In general and in an overall view, if a person dies without a Last Will & Testament (Intestate) several matters of concern normally come into play including but not limited to the following:
a. All joint assets of the decedent go to the surviving person(s) identified as the joint owners thereof, if they have the legal right to ownership rights of the share held by the decedent;
b. All insurances, pension benefits, IRAs or bank accounts payable on death and the like go to the person(s) named thereon as beneficiary of the asset;
c. Workers Compensation benefits go to those persons who are a “dependent” of the decedent and the Law in New Jersey has interpreted “dependent” liberally;
d. Assets that are subject to a preexisting Contract pass in accordance with the terms and provisions of that Contract;
e. Assets in the decedent’s name are distributed in accordance with Intestacy Law. In other words, the State will tell everyone who may be involved who gets what and how much of the Intestate share s/he is entitled to.
Intestate Share Distributions
Under the current laws in New Jersey, distribution of assets to the decedent’s next of kin is accomplished in accordance with the decedent’s familial circumstance at the time of death, as follows:
(Note: The following words “child”,” children”, “grandchildren” mean and include persons of any age and is not restricted to persons only under the age of 18 years)
a. The surviving spouse is entitled to all of the all of the assets provided the decedent is not survived by children, grandchildren or parents.
b. If the decedent is survived by a spouse and children who are also the children of the spouse, the spouse receives the first $50,000 plus one-half of the balance of the estate. The children receive the other one-half of the balance divided equally amongst them. If a child dies before the decedent leaving grandchildren of the decedent then the grandchildren take their deceased child’s share. If the all of decedent’s children die before the decedent then all of the decedent’s grandchildren share equally.
c. If the decedent is survived by a spouse and children who are not also the children of that spouse (children from a prior marriage), the surviving spouse receives one-half, the children receive one-half divided equally. If a child dies before the decedent leaving grandchildren of the decedent then the grandchildren take their deceased child’s share. If the all of decedent’s children die before the decedent then all of the decedent’s grandchildren share equally.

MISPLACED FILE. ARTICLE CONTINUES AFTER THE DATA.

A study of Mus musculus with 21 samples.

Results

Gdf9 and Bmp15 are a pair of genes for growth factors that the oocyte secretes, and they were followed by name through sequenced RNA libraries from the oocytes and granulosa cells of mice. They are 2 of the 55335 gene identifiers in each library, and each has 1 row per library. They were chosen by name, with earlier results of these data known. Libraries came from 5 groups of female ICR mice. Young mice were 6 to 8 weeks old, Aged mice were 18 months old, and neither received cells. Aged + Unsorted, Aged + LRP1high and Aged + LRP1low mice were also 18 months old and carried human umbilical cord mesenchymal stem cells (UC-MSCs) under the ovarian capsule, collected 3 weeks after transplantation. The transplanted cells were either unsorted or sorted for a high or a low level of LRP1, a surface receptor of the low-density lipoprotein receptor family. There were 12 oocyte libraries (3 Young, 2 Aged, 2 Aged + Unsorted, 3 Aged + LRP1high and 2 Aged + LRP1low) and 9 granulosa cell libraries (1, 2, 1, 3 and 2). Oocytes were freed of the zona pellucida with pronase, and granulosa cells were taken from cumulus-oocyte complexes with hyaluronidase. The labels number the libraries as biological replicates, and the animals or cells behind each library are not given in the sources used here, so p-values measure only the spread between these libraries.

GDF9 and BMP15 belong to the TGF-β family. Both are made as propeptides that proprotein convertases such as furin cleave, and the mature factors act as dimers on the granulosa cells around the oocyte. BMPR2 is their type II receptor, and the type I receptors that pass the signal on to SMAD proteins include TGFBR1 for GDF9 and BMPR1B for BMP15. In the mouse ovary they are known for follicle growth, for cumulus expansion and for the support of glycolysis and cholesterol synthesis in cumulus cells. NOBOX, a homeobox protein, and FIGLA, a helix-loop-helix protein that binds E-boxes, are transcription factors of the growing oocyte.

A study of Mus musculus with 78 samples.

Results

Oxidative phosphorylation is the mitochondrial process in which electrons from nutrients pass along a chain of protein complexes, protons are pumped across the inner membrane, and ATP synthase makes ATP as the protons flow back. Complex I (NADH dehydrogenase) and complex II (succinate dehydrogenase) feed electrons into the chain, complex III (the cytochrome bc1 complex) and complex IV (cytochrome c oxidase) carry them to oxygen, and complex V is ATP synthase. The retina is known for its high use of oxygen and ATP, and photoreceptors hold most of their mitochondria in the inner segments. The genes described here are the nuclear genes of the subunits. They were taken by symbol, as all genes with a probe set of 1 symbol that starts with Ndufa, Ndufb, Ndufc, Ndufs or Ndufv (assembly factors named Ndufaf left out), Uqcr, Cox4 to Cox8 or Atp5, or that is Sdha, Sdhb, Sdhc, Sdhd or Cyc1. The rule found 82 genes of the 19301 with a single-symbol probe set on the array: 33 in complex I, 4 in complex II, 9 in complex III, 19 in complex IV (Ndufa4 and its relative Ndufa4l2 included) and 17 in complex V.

d. If the decedent dies leaving children and the decedent has no spouse, the children receive all divided equally among them. f a child dies before the decedent leaving grandchildren of the decedent then grandchildren take their deceased child’s share. If the all of decedent’s children die before the decedent then all of the decedent’s grandchildren share equally.
e. If the decedent is survived a spouse and there are no children or grandchildren, and if the decedent’s mother or father is still living, the serving spouse receives the first $50,000 of the decedent’s Estate plus one-half of the balance and the surviving parent(s) gets the remaining half.
f. If the decedent is not survived by a spouse, children, or grandchildren, then the decedent’s parent(s) receive the rest. If both parents are dead then the Estate goes to the decedent’s siblings in equal shares.
g. If the decedent dies and is not survived by a spouse, children, grandchildren, parents, brothers or sisters, then the estate will be divided equally among closest persons in degree of kinship (beginning with nieces and nephews).
h. If the decedent dies and is not survived by any next of kin the assets of the estate escheat to the State of New Jersey.
The Court will then appoint an Administrator for an intestate estate. In general, the Administrator will assemble the assets, pay the taxes and distribute the assets to those persons entitled to same.
If the Decedent dies leaving a child or children under 18, and there is no legal guardian the County Surrogate must appoint one for the child or children. Importantly, both the Administrator and Guardian will be required to obtain Surety Bonds and depending on the size of the Estate, which is how insurance companies calculate rates, this can constitute an expensive item.
Surety Bonds, are, in essence, bonds issued by a bonding company to protect minors, creditor and beneficiaries against the mishandling of the administration of Estate finances which could otherwise cause significant monetary damages and/or losses.
Accordingly, it is imperative to consult with an experienced legal counsel, such as my law firm which emphasizes Probate, Administration, and Litigation of Estates.